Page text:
By MPP Toby Barrett
Across Haldimand-Norfolk a group of hard-working people cut our hair, install and repair our electrical, plumbing, heating and air conditioning systems. They build our houses, replace our roofs and keep our vehicles in good running order.
These local tradespeople keep everything working for us – they are there when needed most – and do it with integrity, competency and trust.
However, the recently-created Ontario College of Trades will hammer the skilled trades with membership fees that add up to, at minimum, $84 million a year. It’s a huge tax grab, with no clear benefit, no transparency and no accountability. Many in the trades already pay for licenses and countless other fees to government bodies.
New regulations mean each apprentice, journeyperson and employer would have to pay hundreds of dollars in new annual fees, most of which will be passed on the customer. Compulsory certification of trades such as carpentry, drywalling and painting will force many tradespeople into the classroom despite having years of experience. This is time they can not afford to take from work or businesses. As well, restrictive apprenticeship ratios restrict hiring.
The Carpentry Trades Board, a department within the Ontario College of Trades, applied to the college’s directors to make carpenters a compulsory certified trade. If approved, this would force construction workers to return to school and take an apprenticeship. It wouldn’t matter if they have years of experience. Such a move would drive construction workers out of the province, cripple the industry and drive up costs.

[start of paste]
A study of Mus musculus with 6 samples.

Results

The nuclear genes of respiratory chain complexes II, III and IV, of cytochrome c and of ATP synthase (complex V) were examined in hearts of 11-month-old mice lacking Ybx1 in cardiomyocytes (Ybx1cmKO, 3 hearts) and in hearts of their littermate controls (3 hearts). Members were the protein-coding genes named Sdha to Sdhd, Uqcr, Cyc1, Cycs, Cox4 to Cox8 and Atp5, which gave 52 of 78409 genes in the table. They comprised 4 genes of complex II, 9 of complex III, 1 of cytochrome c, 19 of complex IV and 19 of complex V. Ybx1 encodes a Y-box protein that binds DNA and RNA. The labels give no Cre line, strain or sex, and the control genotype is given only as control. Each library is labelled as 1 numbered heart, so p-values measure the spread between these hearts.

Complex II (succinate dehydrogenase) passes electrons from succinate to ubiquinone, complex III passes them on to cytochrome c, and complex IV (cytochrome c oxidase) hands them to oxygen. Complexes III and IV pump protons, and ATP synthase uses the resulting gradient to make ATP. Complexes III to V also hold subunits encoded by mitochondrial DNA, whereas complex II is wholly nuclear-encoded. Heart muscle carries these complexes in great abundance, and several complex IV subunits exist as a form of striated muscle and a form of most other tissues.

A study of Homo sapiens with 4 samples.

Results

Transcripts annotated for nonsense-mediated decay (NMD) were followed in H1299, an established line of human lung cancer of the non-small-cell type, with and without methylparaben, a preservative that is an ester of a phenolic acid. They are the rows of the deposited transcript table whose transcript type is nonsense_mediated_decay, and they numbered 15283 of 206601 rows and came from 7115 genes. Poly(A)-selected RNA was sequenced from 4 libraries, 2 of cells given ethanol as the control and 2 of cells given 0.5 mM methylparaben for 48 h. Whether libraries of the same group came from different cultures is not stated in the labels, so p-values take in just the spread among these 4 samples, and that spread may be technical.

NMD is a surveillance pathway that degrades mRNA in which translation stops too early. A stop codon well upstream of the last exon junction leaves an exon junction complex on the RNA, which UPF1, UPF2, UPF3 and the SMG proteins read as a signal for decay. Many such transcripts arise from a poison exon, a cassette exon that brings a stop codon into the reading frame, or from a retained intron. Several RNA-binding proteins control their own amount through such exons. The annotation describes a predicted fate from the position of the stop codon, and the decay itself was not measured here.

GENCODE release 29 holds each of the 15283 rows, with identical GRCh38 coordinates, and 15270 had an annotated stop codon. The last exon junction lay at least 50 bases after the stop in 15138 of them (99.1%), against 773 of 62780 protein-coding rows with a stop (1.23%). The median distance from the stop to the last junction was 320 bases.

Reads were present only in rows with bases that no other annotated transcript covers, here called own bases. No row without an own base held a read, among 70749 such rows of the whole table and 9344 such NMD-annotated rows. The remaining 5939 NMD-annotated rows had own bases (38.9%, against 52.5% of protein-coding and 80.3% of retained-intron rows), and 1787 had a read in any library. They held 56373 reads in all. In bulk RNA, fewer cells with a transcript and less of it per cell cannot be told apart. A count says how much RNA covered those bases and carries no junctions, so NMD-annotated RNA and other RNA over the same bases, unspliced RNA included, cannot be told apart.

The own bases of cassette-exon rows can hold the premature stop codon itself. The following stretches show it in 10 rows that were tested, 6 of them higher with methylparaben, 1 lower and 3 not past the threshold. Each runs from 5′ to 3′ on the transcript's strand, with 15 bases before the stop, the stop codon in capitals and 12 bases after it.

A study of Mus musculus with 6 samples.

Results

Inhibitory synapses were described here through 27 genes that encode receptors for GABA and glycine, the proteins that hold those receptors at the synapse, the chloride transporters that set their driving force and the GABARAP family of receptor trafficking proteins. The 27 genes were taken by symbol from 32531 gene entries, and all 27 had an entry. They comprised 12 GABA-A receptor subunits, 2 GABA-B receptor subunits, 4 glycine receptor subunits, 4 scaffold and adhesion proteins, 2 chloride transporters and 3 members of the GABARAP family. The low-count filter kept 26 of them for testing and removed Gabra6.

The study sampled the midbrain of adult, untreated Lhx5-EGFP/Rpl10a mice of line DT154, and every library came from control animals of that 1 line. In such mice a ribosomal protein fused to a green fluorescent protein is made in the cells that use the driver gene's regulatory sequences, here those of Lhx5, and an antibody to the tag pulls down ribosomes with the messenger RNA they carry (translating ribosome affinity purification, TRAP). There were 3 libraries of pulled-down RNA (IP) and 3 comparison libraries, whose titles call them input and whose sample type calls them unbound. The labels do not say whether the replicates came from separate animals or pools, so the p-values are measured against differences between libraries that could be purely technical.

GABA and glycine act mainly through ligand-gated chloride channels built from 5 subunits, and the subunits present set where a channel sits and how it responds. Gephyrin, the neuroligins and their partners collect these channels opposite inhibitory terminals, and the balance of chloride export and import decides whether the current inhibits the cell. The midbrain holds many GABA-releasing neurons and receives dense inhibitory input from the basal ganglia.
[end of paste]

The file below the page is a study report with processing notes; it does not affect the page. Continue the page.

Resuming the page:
The newly-formed Ontario Hairstylists Association has recently launched www.cutthesalontax.ca to fight the $120 fee they must pay to the college annually. This is a 600 per cent increase!
The Ontario Contractor and Small Business Association was formed because of the College of Trades. Founder Doug Leitch says members have no say with respect to the fees, the organization’s budget, or who is on the board as board members are government appointees. As he said, “The Ontario College of Trades is being masqueraded as the savior of our trades in Ontario, but beneath the well-spun anecdotes and marketing, lies a destructive program that could do more harm than good.”
The College of Trades is shaping up to be a boondoggle that’s going to drive people out of skilled trades and drive up costs for consumers. It’s not just a tax on the trades, it will affect the public. Anyone hiring a tradesperson – an electrician, a mechanic, a hairdresser – will pay more. It’s yet another tax grab, and no one will be exempt.
Last month, the college celebrated its first anniversary. Opposition leader Tim Hudak said if elected premier, there won’t be a second anniversary. The College of Trades is supported by some, but not all unions, and many employers are fighting it with the assistance of my colleague MPP Garfield Dunlop.
Ontario’s economy and job situation needs all the help it can get. It doesn’t need more bloated bureaucracies that discourage business investment and scare away jobs. Our first concern should be Ontario’s economy and its people, not adding to bureaucracy and expanding the influence of unions.
Our area and many others are still struggling with high unemployment rates. Government is trying to attract people to the skilled trades but bureaucracy suffocates. The Ontario College of Trades is a job killer!